Layer 2 vs Layer 3 Networking: What’s the Big Deal?

How do I know what type of topology should I use?
One of my network engineers always chooses Layer 3, his reasons are that Layer 2 creates much more broadcast and I am not entirely sure about this.
In which of these two will I spend more money on equipment. Which one is more heavily loaded?
I would like to understand when and what to choose, does this obey to type of traffic (audio, data, etc)? size of my network? Others.
Thank you
Luis Diego FloresAsked:
Layer 2 does everything based on MAC addresses. It does not understand IP at all.
Layer 3 recognises IP addresses, and can do stuff like routing.

If you only have a single subnet, then Layer 2 switches are fine. Layer 3 switches can function like a router, and can route IP packets between VLANS.
Andy SCommented:
As mentioned, Layer 3 understands IP's, so you'll usually spend more money on L3 equipment.
In spending that money you'll also get more functionality,  If you have a larger network and / or want to use IP to do things such as restrict or route your traffic, then L3 it is.
If you want to connect a small flat network L2 would be fine.

If your budget allows for it I'd agree with your network engineer and get L3 stuff nearly every time.
In your network you need at least one L3 device (depending on size of your company, you may need much more than one). L3 switches can route traffic between VLANs much faster that routers do, so if you want fast network that's the way to go.
One of my network engineers always chooses Layer 3, his reasons are that Layer 2 creates much more broadcast and I am not entirely sure about this.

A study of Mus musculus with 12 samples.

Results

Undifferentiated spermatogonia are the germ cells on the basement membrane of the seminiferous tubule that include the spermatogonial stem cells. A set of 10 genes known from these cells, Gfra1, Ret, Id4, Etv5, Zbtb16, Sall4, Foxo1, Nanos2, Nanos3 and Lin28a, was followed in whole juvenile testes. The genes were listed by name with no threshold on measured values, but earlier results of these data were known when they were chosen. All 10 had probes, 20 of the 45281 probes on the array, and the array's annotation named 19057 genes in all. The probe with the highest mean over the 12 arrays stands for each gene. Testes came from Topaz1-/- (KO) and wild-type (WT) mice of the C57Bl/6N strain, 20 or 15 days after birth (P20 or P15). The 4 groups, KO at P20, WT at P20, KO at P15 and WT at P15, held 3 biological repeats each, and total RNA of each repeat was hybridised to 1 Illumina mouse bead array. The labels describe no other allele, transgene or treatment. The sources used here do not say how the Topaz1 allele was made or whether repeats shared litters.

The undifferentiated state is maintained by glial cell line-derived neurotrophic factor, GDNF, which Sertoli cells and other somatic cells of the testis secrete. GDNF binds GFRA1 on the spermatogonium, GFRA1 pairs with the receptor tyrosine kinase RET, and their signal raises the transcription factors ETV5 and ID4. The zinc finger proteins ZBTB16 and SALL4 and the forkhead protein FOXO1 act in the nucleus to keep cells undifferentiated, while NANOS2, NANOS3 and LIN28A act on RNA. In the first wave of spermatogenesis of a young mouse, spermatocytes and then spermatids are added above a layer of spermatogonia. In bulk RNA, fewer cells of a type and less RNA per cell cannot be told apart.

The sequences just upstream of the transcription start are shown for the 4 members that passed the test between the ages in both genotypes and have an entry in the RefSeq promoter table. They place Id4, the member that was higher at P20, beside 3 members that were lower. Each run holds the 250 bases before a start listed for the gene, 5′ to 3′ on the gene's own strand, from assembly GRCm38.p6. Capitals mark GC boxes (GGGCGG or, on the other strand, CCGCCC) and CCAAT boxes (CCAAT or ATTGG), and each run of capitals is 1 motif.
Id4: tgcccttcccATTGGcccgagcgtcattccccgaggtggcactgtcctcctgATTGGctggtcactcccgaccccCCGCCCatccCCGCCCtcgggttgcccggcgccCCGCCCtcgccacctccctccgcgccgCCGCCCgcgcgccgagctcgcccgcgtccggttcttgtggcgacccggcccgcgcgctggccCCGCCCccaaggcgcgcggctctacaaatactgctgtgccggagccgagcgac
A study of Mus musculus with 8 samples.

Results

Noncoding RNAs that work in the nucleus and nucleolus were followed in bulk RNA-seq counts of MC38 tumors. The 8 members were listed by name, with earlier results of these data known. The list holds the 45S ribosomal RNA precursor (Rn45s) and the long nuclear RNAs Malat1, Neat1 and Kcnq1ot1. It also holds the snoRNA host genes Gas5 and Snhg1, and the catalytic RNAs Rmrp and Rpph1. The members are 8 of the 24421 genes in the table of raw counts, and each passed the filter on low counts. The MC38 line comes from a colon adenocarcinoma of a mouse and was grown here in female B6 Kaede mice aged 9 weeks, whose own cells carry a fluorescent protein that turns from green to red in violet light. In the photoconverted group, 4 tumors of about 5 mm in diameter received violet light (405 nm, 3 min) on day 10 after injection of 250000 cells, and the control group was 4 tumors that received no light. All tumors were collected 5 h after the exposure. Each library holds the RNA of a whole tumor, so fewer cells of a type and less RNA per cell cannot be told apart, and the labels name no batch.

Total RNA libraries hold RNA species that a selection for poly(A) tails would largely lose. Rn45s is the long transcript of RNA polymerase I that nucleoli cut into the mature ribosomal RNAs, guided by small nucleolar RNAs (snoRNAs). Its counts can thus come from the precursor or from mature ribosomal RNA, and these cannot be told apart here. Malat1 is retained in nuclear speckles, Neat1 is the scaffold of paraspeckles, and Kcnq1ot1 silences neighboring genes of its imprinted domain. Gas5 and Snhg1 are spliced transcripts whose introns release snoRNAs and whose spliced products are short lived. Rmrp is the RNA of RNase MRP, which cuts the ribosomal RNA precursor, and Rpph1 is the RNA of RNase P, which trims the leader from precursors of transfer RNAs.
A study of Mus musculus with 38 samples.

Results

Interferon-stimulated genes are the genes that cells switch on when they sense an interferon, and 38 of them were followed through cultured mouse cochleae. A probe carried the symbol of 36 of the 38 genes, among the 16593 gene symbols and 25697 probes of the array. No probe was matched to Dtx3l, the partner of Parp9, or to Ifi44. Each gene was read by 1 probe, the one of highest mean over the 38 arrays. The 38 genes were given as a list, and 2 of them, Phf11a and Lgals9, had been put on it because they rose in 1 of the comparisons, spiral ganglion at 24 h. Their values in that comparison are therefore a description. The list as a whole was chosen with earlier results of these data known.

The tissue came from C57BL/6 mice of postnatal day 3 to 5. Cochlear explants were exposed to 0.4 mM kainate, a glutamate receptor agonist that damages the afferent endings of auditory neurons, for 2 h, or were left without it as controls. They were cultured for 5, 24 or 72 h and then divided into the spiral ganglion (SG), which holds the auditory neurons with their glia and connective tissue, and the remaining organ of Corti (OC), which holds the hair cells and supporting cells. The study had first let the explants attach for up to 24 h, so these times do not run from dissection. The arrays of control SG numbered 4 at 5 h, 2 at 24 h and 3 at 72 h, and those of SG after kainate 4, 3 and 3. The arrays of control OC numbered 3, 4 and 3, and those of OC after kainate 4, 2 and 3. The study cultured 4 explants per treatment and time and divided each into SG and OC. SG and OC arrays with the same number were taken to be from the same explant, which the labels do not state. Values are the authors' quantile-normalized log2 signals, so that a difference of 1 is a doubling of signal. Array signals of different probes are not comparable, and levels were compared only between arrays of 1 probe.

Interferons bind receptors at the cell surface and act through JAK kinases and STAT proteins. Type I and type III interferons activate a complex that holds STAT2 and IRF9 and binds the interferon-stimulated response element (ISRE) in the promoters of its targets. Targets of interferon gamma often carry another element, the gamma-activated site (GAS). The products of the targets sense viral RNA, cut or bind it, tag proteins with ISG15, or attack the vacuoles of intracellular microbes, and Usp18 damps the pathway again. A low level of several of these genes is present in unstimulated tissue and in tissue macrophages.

L3 devices break broadcast domains, so it will keep broadcast traffic at low level, so your network engineer is right. L2 and L3 switches work at the Layer 2 level the same way  so on the places where L3 functions will not be used (mostly access switches) usually there's no need for L3 switches. Even new Cisco recommendation how to build your network is to get L3 devices almost anywhere...

Since I don't know exact topology (place in topology, and operations that switch should perform) it is hard to say when it is justified to buy L2 or L3 device.
There would be a few basic criteria for choosing L2 or L3 device:
- location of switch (access switches are usually L2, distribution and core switches are always L3)
- size of network (big network - you will need a lot of L3 device to break broadcast domains)
- some function present on L3 switch that is not present on L2 switch and you need it

Layer 2 is Mac-Address based (traffic forwarding) so you need Access layer switches (Cisco 2960s, 3500 etc.), But if you need to route data between different VLAN's then you must need Layer 3 device (Cisco 3750, 4500 etc.) which are ofcourse more expensive as capable of handing network layer. Layer 2 topology works If you have small business and handling by one VLAN/subnet.